Agility is a function of an organization’s culture, structure, and discipline. Lessen any of them and the output is reduced.
Culture. You can’t be agile in an organization where decisions are made from top to bottom, individual initiative is frowned upon, and mistakes are treated as illustrations of failure instead of opportunities for learning. Such organizations create teams whose members lack initiative and are afraid to speak up.
Structure. You can’t be agile in an organization where individuals are not empowered to make decisions, take action, and own their work. These are the organization where fifteen people come to a meeting—and none of them is able to take responsibility for anything. These are the companies that have five Product Owners for one mobile app.
Discipline. You can’t be agile in an organization where roles, processes, and practices change as often as the clouds on a windy day. In environments where discipline isn’t valued, strategies change, roadmaps become meaningless, iterations get extended till infinity, and work items turn into a source of chaos instead of order.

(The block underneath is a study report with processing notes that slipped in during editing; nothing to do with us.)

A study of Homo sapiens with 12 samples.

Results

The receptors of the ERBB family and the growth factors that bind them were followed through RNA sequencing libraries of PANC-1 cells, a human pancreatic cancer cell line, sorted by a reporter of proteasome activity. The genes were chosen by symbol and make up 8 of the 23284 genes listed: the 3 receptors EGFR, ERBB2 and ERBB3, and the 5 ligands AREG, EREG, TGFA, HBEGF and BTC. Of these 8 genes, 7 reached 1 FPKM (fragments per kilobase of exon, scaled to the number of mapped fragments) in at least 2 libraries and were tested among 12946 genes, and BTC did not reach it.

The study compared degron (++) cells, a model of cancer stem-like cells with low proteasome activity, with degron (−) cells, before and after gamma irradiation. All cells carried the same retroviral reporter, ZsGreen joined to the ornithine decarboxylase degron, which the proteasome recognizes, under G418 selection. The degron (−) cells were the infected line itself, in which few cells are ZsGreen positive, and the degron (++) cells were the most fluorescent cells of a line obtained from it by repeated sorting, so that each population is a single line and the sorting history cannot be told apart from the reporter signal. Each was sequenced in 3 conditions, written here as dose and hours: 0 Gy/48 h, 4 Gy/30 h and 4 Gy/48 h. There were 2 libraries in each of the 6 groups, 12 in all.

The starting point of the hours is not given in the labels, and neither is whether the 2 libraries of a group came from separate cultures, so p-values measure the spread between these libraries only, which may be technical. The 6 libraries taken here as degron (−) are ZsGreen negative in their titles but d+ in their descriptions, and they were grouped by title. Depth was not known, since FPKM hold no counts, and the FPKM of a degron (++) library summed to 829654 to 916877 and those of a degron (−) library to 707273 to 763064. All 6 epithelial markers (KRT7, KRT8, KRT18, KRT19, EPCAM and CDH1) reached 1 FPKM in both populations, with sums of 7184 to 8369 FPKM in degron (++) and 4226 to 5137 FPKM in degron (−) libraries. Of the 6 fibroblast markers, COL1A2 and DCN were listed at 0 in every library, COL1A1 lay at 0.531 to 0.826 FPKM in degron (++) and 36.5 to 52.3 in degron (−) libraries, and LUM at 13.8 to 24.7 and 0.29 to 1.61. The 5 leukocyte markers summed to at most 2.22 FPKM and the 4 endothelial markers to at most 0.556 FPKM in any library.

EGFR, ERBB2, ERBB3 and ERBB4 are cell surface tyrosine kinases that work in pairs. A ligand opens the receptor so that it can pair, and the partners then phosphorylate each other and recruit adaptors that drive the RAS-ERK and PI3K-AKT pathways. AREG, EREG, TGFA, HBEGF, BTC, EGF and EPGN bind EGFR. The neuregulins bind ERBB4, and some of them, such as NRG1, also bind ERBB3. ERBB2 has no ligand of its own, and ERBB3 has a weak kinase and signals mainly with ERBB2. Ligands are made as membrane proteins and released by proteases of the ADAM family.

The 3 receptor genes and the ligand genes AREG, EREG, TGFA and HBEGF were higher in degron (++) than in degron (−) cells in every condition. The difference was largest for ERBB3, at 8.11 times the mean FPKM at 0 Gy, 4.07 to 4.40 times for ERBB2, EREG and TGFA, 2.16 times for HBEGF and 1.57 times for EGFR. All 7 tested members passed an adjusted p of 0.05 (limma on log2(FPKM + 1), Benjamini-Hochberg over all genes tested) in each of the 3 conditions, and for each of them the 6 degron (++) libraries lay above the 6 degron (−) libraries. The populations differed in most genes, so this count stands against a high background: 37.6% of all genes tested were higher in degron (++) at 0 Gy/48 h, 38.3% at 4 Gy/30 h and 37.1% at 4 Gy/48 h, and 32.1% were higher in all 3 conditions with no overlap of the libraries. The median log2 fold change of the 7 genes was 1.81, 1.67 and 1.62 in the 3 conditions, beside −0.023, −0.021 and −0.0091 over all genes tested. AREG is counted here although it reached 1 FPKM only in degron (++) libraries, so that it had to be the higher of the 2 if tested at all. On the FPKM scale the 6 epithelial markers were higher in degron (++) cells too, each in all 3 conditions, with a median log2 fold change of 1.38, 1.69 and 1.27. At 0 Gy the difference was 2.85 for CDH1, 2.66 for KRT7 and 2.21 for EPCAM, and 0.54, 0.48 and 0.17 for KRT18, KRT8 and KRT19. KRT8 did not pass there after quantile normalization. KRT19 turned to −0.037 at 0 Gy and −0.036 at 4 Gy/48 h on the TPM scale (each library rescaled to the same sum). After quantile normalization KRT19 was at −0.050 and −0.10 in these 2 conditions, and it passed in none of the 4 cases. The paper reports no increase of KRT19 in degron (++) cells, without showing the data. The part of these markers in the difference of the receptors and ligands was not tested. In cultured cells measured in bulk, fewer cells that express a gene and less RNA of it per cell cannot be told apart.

American bestselling author and leadership coach Marshall Goldsmith points out in his book, Triggers: Creating Behavior That Lasts (Goodreads), that most of us go through life unaware of just how much our environment shapes our behavior.
It’s just as powerful in the office as it is in our personal lives. Mind the environment that’s being created and reinforced in your organization every day. Inertia in the direction of rigidity can destroy your company’s ability to be agile.